Advance Notice: Briefs

GOP senator doubles down on voter ID measure 

By: - June 30, 2021 4:44 pm

Susan J. Demas

The Michigan Senate on Wednesday did not advance additional GOP-sponsored election bills, as some Democrats expected, but a Republican lawmaker made the case for a photo ID requirement for voting and having a signature on file at the polling station. 

“I think the most positive means of proving your identity is through your photo ID. So, to me that makes the most sense,” Sen. Tom Barrett (R-Charlotte) told reporters during Senate session. 

Senate Bill 303, sponsored by Barrett, requires voters to cast their ballot with a provisional ballot if they do not have a photo ID with them at the polling station. Democrats have called this measure a form of voter suppression. 

Barrett’s measure is part of a 39-bill GOP package that was introduced in March. The sweeping election changes came after President Joe Biden, a Democrat, won Michigan over former President Donald Trump by 154,000 votes. 

Sen. Erika Geiss (D-Taylor) called Barrett’s legislation “Jim Crow 2.0,” referring to racially discriminatory practices designed to keep Blacks from voting carried out in the South before the civil rights movement of the 1950s and ‘60s. Democrats have argued that a voter ID requirement eliminates people from the political process.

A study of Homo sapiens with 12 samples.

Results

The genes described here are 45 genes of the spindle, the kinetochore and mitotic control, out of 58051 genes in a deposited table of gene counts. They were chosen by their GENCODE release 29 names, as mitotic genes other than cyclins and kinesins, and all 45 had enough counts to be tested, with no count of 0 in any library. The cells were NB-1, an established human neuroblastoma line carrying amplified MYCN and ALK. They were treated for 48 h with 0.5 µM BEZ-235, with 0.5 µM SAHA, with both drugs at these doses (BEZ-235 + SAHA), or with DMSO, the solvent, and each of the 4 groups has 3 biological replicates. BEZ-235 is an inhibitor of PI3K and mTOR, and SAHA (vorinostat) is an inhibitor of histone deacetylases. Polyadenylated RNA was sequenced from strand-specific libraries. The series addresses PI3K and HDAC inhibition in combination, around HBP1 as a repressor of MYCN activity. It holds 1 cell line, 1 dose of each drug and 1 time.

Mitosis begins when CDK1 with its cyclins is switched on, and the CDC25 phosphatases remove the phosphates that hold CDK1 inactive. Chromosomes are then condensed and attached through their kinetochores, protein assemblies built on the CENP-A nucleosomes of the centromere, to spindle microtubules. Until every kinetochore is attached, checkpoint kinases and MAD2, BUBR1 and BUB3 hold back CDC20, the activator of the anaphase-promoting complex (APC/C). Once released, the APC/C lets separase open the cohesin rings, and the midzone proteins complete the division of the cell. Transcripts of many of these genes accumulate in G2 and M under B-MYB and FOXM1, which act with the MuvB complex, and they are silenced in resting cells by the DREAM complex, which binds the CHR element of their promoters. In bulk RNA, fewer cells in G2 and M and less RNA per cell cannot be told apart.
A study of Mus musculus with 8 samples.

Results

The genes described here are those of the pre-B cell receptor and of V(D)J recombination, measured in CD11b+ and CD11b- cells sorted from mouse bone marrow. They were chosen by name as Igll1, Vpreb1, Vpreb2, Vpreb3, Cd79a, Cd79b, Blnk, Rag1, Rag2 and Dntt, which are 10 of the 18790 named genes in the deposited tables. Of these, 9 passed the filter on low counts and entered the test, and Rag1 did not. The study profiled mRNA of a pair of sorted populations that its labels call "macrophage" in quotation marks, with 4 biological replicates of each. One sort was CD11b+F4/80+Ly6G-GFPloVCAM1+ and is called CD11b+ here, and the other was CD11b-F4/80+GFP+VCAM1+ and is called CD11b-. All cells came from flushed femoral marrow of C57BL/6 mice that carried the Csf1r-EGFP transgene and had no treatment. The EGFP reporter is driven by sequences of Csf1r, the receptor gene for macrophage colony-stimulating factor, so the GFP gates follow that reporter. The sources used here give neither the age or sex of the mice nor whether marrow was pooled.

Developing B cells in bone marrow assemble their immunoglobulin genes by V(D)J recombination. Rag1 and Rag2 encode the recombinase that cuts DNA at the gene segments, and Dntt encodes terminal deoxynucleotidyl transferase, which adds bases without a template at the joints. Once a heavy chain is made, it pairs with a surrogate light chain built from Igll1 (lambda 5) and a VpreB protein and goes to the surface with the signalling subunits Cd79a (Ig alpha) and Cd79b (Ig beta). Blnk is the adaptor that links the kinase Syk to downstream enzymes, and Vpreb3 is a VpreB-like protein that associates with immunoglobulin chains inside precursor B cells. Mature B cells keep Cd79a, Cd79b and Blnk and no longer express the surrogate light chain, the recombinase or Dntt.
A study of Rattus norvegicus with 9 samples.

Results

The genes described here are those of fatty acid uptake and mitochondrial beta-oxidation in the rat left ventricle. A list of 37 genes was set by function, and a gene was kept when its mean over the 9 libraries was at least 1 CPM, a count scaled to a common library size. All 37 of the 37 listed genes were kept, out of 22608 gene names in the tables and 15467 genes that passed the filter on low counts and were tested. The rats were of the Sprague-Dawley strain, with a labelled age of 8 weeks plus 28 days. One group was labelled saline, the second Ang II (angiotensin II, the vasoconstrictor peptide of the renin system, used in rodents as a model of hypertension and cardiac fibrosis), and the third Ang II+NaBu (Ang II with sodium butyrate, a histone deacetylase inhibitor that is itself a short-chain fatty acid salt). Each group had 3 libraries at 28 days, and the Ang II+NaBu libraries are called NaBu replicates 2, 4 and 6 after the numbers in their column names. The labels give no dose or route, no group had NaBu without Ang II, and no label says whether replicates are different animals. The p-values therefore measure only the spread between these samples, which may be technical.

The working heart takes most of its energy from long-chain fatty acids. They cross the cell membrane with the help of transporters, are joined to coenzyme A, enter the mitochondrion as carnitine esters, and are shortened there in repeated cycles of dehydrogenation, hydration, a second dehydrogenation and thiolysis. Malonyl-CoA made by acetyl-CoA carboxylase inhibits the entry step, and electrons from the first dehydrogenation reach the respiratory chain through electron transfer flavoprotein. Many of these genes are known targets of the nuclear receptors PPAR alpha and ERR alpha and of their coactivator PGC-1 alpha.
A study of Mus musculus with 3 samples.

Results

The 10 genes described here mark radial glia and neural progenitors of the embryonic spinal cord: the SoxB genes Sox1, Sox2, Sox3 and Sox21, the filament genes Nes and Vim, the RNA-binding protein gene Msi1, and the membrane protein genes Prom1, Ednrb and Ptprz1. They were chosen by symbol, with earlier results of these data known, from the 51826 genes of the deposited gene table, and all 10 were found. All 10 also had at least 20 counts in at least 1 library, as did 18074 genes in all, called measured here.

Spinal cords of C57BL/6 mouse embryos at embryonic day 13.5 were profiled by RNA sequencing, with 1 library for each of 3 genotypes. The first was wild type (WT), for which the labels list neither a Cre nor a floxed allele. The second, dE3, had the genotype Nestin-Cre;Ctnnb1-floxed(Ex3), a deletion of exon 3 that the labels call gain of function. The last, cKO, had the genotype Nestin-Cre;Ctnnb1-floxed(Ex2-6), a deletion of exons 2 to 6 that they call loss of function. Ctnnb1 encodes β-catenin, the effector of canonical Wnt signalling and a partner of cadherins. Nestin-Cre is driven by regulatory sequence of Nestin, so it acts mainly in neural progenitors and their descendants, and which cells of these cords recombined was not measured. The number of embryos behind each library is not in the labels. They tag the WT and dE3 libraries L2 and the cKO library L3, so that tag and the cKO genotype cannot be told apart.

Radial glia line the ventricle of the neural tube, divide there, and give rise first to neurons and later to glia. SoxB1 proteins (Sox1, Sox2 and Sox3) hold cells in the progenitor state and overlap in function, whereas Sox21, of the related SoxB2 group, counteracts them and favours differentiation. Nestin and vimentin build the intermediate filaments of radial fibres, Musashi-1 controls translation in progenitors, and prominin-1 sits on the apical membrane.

“Why this? Why now?” Geiss said during a virtual news conference held just prior to the Senate session. 

Barrett said he would support waiving the state ID card fee for economically challenged residents.  

“I’m happy to waive that fee and I think that all of my colleagues on our side, the Republican side, [would vote] yes for that,” said Barrett.

The Senate in bipartisan fashion last Thursday approved bills considered less controversial. Included were measures to flag, but not remove, the registration record of a deceased voter; require the state to establish a process to allow for members of the armed forces to cast their vote electronically; and to require a voter to acknowledge on their voter registration form they understand it is a felony to vote more than once in the same election. 

Ken Coleman

Ken Coleman covers Southeast Michigan, economic justice and civil rights. He is a former Michigan Chronicle senior editor and served as the American Black Journal segment host on Detroit Public Television. He has written and published four books on black life in Detroit, including Soul on Air: Blacks Who Helped to Define Radio in Detroit and Forever Young: A Coleman Reader. His work has been cited by the Detroit News, Detroit Free Press, History Channel and CNN. Additionally, he was an essayist for the award-winning book, Detroit 1967: Origins, Impacts, Legacies. Ken has served as a spokesperson for the Michigan Democratic Party, Detroit Public Schools, U.S. Sen. Gary Peters and U.S. Rep. Brenda Lawrence. Previously to joining the Advance, he worked for the Detroit Federation of Teachers as a communications specialist. He is a Historical Society of Michigan trustee and a Big Brothers Big Sisters of Metropolitan Detroit advisory board member.